In my last blog, I shared some reasons why dealers need to prepare for a constant flow of recall repair work for a long time to come. In this second part, I’d like to lend some further insight as to why savvy and responsible auto dealerships need to develop a strategy for recall repairs. I could not fit them into the first blog without it becoming a bit of a book. So here you go!
- OEMs are building better quality cars, which is great for consumers. However, this also extends the service intervals. In some cases, intervals have increased from 3,000 miles to as much as 15,000 miles. As these increases are fairly recent, there’s no predicting what problems could come up, or perhaps be exacerbated by the vehicle no longer being available to inspect and repair quite as frequently. It’s certainly good for consumers to avoid frequent servicing, but only time will tell what the impact on safety will be when consumers bypass regular vehicle inspection.
- Due to the huge amount of recent recalls, consumer backlash and the resulting bad press, OEMs are now more proactive about revealing safety issues to the public and faster to issue recall orders. Even the smallest of defects now prompt recalls, as OEMs seek to project a better image to consumers and protect themselves from any liability that might arise from non-disclosure.
- These days, manufacturers aren’t just under the watchful eyes of the United States government. Overseas actions, changes and legislation could force the hand of one of the domestic OEMS. The changes, recalls or other activities initiated in another country could have an overall effect on the brand worldwide.
- Due to the volume of negative publicity all of these recent recalls have spawned, consumers are voicing displeasure with the OEM response to issues and the manufacturer’s willingness to correct them. Market share is incredibly important to manufacturers and a slight misstep, or action that doesn’t meet with the general public’s approval, could be disastrous for a brand – as was seen with Toyota. Manufacturers acknowledge this and, in the future, may well be faster to take action to rectify problems and avoid consumer wrath or defection to another brand.
- Personal injury attorneys are getting a little more aggressive and savvier in their approaches to litigation. Rightfully or not, they now name all potential defendants including OEMs, dealerships, dealership management and even, in some cases, the salesperson involved in the transaction. This makes any vehicle with an open recall that drives off your lot a potential ticking time bomb in terms of liability.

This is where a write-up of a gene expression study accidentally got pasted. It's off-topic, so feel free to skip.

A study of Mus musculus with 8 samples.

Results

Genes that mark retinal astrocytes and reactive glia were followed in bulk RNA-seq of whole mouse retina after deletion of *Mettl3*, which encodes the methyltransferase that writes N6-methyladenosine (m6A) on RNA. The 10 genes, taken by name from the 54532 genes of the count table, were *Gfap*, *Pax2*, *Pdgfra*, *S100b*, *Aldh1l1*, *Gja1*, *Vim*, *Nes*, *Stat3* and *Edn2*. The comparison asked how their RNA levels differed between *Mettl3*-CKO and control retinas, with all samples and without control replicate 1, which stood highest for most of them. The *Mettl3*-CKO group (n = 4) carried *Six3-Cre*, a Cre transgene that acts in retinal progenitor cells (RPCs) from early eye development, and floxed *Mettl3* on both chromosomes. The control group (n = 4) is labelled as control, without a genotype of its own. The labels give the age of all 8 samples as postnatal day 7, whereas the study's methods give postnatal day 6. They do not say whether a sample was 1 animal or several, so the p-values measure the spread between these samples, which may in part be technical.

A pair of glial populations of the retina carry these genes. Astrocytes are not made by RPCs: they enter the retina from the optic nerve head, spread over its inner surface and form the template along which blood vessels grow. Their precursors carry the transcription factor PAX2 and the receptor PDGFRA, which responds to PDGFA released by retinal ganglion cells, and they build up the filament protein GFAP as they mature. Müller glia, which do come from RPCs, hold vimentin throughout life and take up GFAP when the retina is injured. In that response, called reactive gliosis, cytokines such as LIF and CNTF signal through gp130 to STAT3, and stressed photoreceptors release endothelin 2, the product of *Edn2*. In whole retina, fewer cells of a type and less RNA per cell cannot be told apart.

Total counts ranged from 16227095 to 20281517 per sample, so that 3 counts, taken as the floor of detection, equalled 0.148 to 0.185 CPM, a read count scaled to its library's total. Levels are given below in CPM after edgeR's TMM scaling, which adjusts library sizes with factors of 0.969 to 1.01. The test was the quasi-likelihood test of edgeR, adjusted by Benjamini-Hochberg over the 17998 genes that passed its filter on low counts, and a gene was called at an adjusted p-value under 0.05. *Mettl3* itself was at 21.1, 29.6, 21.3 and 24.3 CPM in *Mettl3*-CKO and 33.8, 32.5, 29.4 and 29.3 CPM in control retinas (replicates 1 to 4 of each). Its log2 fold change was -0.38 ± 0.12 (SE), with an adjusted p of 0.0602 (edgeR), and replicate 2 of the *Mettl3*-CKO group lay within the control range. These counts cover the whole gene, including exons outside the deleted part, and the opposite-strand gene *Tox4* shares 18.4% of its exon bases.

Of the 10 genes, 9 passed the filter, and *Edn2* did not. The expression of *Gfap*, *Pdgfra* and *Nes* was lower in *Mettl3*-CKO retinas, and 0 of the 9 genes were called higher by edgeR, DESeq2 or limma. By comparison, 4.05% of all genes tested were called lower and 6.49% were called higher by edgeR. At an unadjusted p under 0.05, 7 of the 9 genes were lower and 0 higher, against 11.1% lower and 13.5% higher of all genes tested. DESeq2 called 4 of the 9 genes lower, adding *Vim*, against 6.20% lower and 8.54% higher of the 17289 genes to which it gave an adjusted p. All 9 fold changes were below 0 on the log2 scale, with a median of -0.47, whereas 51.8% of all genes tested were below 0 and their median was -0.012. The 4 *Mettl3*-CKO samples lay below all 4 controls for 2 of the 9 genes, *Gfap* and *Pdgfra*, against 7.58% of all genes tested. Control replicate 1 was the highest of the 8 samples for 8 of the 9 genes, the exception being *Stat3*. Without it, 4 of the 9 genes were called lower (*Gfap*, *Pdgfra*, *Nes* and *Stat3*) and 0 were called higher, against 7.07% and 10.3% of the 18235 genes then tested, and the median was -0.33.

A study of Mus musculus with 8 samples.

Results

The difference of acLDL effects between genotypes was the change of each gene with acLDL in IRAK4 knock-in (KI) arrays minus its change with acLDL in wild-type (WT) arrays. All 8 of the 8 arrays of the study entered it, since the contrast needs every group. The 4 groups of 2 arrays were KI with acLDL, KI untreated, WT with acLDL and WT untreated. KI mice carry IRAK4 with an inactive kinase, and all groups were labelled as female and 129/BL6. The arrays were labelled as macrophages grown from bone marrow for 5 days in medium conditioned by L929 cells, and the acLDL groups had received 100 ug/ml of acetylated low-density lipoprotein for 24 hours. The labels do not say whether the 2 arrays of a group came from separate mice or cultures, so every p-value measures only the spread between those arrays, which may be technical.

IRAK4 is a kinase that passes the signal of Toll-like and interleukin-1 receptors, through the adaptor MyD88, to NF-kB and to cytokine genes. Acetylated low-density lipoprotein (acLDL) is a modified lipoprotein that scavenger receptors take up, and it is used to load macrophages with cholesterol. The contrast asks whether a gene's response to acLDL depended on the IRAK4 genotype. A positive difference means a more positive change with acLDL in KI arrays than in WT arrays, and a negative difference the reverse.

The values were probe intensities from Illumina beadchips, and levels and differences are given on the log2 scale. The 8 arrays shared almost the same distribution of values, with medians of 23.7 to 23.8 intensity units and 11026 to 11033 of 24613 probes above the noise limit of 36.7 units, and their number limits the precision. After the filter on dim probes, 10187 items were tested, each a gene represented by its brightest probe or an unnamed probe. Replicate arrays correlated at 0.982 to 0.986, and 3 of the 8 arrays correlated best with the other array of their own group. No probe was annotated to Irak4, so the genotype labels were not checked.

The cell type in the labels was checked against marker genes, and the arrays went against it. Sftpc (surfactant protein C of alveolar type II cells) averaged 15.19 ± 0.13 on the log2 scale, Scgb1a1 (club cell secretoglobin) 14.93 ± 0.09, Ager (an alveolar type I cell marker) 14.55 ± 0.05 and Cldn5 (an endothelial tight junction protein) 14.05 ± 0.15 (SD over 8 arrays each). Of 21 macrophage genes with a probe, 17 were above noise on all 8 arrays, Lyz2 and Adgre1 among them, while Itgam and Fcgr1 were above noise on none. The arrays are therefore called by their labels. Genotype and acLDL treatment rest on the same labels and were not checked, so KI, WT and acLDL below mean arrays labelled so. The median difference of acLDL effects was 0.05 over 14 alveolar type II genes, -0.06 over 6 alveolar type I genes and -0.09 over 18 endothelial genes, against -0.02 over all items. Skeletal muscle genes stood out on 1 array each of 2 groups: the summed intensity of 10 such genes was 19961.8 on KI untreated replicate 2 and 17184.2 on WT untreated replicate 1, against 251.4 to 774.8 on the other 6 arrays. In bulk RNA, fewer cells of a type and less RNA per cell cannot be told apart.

Take note of these points and make preparations in your dealership to accommodate your customers – and safeguard your business – by creating an action plan and being prepared for recall repair work.
It starts with creating a Recall Department and providing the necessary training to address the very unique issues associated with a recall. This is not limited to the vehicles, as a very frustrated and scared consumer also requires special attention. However, if approached properly and treated with care and concern, these consumers evolve into the most loyal of customers.
In an era where dealerships are wrestling with competition to win over the long-term loyalty of consumers, recalls represent a tremendous opportunity for dealers who are willing to step up when the consumer is at the height of vulnerability. Studies in human psychology prove that the foundations of loyalty are best forged during times of crisis.
You don’t need to be an expert in human relations to know the doing the right thing by consumers during a recall episode might also be the smartest for your dealership.
Author: Chris Miller
Chris Miller is President of Recall Masters, a leading provider of automotive recall news, data, training, and communications. Privately held and based in the San Francisco Bay area, the company is dedicated to helping automakers and their dealers expedite the repair of recalled vehicles and make the roadways safer for everyone. Christopher has more than 17 years of experience building software to automate marketing communications. He has worked with marquee brands including HSBC/Household Automotive, Washington Mutual, Residential Pacific Mortgage, ServiceMagic, Monumental Life Insurance, Mercedes Benz USA, BMW/Mini North America, Volvo North America, JP Morgan Chase, Wells Fargo, Moxy Solutions, and Costco Automotive Group.